All the time.
Every fucking day.
It is a constant and relentless bitch on our backs.
Generally speaking the normal anxiety level in our home is like a 7 (out of 10). We have significant stress from the myriad health issues we deal with. As part of his autism, Nathan doesn't transition well, and even with enough notice that we're about to make a transition (like, "this is the last TV show, then we're going to take an outside break") there's potential for him to have a meltdown. Gotta make sure the kid has zero strikes--so his tummy's gotta be full, and his brain's gotta be working properly for him to transition. Isaac, tell him it's the last show, and it's the last show; not too much push back. No potential for a meltdown. But with Nathan, there's always potential for meltdown. Always.
Like any family, there are certain times our anxiety increases. Generally speaking, our high anxiety times, like most families, are breakfast, lunch and dinner, wake up and bed times, and getting to and from school during the school year. And every single one of those involves transition. And, you read the previous paragraph, right? Nathan doesn't transition well. Potential for meltdown. Seriously.
But, unlike other families, my family has so many medical appointments, that we have anxiety about them, even if they are not for another couple of weeks. For example, in the immediate days after Randy's first chemo on 7/13, we started asking questions: will his reaction be as bad? Will he be worse? Better? Since he's on 1/3 of the dose they originally gave him, will he be on his ass 1/3 of the time (so only 3 days instead of 9) or will he feel 1/3 as bad as he did? Or, maybe, because they reduced the dose, but will ultimately increase the frequency of doses as well as having a new anti-nausea medication schedule, he won't have any nausea at all and he'll feel totally fine. I'm trying to be optimistic, here, people!
Randy starts back to chemotherapy on Wednesday, August 3. And while I know, and we know, that that's still a week away, and that we need to deal with just being in the moment, my reality is there are details to work out and plans to be made.
He cannot drive, he will need me to take him to chemo, which is fine and I can totally do it. I need to be with him; he needs me to be with him during the infusion. I never took one of my 12 infusions alone. Not one. I am thankful that I have people who love me and who went with me and kept me company. It's not that it's gross; it's just that it's a lot to deal with and can be overwhelming. Randy came with me to my first chemo infusion, because I was scared outta my gourd and needed my partner in crime to be by my side. But for the remaining 11 infusions, I had Florence or Caitlin or Jen with me; sometimes I'd have two of my friends, because they are that supportive and I am that loved. And I am that thankful. My friends at my chemo appointments was what kept me going; talking, laughing, coloring, drinking smoothies and coffee, eating snacks. And lots of chocolate. Really, we just hung out, and I was medicated with marijuana and getting my toxic medicine in order to beat the breast cancer that tried to kill me. It was all good and I got through it. And Randy was with the boys. And I felt at peace about it because they were with their other parent.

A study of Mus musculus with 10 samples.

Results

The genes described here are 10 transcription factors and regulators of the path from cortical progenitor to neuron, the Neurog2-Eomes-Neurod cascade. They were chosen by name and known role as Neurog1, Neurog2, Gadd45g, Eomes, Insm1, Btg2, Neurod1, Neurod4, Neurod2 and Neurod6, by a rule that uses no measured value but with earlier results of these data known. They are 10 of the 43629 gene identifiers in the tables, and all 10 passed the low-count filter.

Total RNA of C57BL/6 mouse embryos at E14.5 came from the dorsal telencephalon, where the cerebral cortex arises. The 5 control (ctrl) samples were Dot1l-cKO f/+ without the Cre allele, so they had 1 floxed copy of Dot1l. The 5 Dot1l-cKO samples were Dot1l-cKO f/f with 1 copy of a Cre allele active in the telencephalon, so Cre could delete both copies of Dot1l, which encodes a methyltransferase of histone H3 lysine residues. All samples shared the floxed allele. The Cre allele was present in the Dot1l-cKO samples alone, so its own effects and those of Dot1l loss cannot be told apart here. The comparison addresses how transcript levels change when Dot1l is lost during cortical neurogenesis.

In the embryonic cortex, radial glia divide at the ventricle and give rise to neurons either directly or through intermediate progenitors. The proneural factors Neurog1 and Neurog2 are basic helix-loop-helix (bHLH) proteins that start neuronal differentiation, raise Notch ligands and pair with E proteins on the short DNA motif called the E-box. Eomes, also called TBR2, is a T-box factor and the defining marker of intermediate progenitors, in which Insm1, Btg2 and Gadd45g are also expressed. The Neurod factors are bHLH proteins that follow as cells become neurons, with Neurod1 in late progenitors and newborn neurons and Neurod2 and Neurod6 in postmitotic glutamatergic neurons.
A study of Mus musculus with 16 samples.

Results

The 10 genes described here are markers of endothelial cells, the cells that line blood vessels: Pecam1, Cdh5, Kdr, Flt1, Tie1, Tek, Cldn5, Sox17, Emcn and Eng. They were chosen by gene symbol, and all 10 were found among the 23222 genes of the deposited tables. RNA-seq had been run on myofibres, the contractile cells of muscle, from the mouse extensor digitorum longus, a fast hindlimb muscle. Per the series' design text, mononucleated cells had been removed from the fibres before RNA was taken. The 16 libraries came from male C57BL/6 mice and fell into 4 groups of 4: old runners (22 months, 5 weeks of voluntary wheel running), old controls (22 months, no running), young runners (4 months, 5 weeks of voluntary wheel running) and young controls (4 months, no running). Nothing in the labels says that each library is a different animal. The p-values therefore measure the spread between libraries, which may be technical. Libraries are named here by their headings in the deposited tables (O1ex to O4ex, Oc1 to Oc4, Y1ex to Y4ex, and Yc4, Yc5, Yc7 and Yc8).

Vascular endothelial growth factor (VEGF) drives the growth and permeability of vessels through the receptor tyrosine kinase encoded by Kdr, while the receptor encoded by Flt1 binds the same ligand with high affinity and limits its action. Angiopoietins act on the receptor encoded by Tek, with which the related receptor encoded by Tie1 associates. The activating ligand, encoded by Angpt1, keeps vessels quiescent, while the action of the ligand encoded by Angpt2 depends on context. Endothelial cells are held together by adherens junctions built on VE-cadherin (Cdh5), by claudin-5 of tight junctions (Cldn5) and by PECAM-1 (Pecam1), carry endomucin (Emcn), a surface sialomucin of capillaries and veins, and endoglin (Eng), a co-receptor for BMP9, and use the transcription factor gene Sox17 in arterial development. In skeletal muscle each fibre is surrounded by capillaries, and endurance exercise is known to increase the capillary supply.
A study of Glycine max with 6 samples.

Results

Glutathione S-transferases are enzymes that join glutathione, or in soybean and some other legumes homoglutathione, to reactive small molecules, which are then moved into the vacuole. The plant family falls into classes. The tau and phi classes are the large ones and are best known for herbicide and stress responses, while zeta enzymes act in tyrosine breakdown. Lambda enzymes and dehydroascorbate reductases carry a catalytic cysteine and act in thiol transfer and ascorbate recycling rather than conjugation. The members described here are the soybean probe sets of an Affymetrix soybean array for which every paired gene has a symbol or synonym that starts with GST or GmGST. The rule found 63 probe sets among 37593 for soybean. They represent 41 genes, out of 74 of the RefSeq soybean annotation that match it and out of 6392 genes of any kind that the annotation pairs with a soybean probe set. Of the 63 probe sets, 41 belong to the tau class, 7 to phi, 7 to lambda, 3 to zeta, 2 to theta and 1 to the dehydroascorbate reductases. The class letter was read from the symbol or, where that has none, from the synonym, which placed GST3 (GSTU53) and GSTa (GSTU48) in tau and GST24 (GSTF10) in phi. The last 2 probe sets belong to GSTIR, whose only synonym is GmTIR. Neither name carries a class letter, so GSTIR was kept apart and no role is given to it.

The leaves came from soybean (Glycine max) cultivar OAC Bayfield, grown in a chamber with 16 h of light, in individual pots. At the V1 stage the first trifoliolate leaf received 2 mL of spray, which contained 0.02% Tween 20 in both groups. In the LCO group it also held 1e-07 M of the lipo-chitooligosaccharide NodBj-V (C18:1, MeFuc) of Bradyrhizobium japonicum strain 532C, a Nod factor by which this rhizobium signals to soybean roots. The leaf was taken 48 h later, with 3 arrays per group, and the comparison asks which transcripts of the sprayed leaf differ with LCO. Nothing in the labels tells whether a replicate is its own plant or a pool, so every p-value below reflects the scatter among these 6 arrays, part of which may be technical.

But, when Randy goes back to chemo on Wednesday 8/13, we need to have child care. Someone who can be present with my children while their father receives a toxic medicine to cure his cancer. From 6:45 am until we get home...around noon...maybe...we're trying to find out how long the infusion will take. We don't know yet, but will know soon. I hope. Like later today. Randy's at the cancer center right now, getting his fluids. He's alone. I participated in the meeting with the medical oncologist via FaceTime. And I am thankful for our friend who could take him to the cancer center, and bring him home. My anxiety is through the roof. Because my husband is alone. But it's just fluids, it's not chemo. It's just fluids...it's just fluids...it's just fluids.....
And he's going to need fluids probably on Monday and Friday. So each of those days, he'll likely be alone at the cancer center. It's too soon to know for sure; and it's ultimately his decision. He may want to be alone while he gets fluids so that he can get a nap or write or color or whatever.
But, from day one of Randy's Cancer Adventure, I've been saying that this is his health and his experience and his cancer is different than mine and that he's a different person and things will proceed differently than they proceeded with mine.
And so far I've been right. I'm totally brilliant, you guys.
And then there's the entire food thing.
Jesus the food issues in my home.
But that's a blog for another time.
And then there's the number of different medications we're on.
Which is also a blog post for another time.
Because Randy Anderson just texted me and is on his way home.